Although research in cultural psychology has established that virtually all human behaviors and cognitions are in some ways shaped by culture, culture has been surprisingly absent from the emerging literature on the psychology of technology. In this perspective article, we first review recent findings on machine aversion versus appreciation. We then offer a cross-cultural perspective in understanding how people might react differently to machines. We propose three frameworks – historical, religious, and exposure – to explain how Asians might be more accepting of machines than their Western counterparts. We end the article by discussing three exciting human–machine applications found primarily in Asia and provide future research directions.
When people interact with social robots, they treat them as real social agents. How people depict robots is fun to consider, but when people are confronted with embodied entities that move and talk – whether humans or robots – they interact with them as authentic social agents with minds, and not as mere representations.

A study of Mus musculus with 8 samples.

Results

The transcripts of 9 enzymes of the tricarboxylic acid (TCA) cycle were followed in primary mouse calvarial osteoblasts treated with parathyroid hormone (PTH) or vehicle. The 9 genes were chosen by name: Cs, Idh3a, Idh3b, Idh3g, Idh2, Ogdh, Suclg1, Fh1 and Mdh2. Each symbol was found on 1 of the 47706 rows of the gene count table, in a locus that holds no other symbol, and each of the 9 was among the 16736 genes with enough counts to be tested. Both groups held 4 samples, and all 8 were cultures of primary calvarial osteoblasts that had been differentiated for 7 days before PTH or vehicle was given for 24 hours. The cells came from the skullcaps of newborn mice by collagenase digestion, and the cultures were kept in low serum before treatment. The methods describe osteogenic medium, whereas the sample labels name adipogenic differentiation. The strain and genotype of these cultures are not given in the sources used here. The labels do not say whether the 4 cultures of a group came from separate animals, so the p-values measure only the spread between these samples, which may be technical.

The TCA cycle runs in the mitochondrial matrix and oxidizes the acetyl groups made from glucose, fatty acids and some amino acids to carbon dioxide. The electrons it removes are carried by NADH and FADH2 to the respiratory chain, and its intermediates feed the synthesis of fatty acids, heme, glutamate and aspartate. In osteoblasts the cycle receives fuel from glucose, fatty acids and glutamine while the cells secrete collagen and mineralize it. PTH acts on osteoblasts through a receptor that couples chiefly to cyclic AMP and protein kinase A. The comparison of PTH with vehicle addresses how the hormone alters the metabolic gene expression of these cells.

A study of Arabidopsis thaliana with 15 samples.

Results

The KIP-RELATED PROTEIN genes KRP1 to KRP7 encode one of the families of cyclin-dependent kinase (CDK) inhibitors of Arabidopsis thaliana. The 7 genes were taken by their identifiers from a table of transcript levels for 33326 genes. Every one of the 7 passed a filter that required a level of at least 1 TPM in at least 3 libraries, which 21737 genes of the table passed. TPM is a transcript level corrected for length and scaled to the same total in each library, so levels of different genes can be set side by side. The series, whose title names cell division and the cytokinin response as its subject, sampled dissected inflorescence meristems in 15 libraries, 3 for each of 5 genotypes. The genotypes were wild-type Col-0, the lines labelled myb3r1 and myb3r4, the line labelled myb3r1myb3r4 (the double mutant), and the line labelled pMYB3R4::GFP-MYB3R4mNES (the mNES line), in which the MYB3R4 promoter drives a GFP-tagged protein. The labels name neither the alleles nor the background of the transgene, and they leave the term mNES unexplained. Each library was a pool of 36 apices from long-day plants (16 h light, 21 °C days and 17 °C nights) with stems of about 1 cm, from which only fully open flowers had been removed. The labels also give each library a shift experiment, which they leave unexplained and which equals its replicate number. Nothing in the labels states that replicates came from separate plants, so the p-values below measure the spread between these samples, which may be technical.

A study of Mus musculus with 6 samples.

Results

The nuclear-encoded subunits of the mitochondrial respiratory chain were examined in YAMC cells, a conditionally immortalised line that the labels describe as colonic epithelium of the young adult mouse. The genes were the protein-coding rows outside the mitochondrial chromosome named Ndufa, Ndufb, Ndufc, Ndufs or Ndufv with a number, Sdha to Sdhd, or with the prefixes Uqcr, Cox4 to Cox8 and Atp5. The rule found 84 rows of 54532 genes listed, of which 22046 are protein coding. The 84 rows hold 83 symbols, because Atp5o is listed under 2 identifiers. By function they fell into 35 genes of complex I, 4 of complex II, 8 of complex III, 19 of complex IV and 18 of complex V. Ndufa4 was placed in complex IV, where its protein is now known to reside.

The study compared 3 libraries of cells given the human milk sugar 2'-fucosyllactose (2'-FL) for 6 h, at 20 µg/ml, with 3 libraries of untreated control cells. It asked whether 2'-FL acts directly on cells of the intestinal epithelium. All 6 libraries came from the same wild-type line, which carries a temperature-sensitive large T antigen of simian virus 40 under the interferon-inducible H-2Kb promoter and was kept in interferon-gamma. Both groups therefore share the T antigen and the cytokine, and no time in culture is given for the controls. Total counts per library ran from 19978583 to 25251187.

Why has fiction been so successful over time? We make the case that fiction may have properties that enhance both individual and group-level fitness by (a) allowing risk-free simulation of important scenarios, (b) effectively transmitting solutions to common problems, and (c) enhancing group cohesion through shared consumption of fictive worlds.
Gervais & Fessler argue that contempt is a natural kind and that its experience cannot be explained by a constructionist account of emotion. We dispute these claims and offer a positive constructionist model of contempt that accounts for the existing evidence and unifies conflicting findings in the literature on contempt.
An important component of souls is the capacity for free will, as the origin of agency within an individual. Belief in souls arises in part from the experience of conscious will, a compelling feeling of personal causation that accompanies almost every action we take, and suggests that an immaterial self is in charge of the physical body.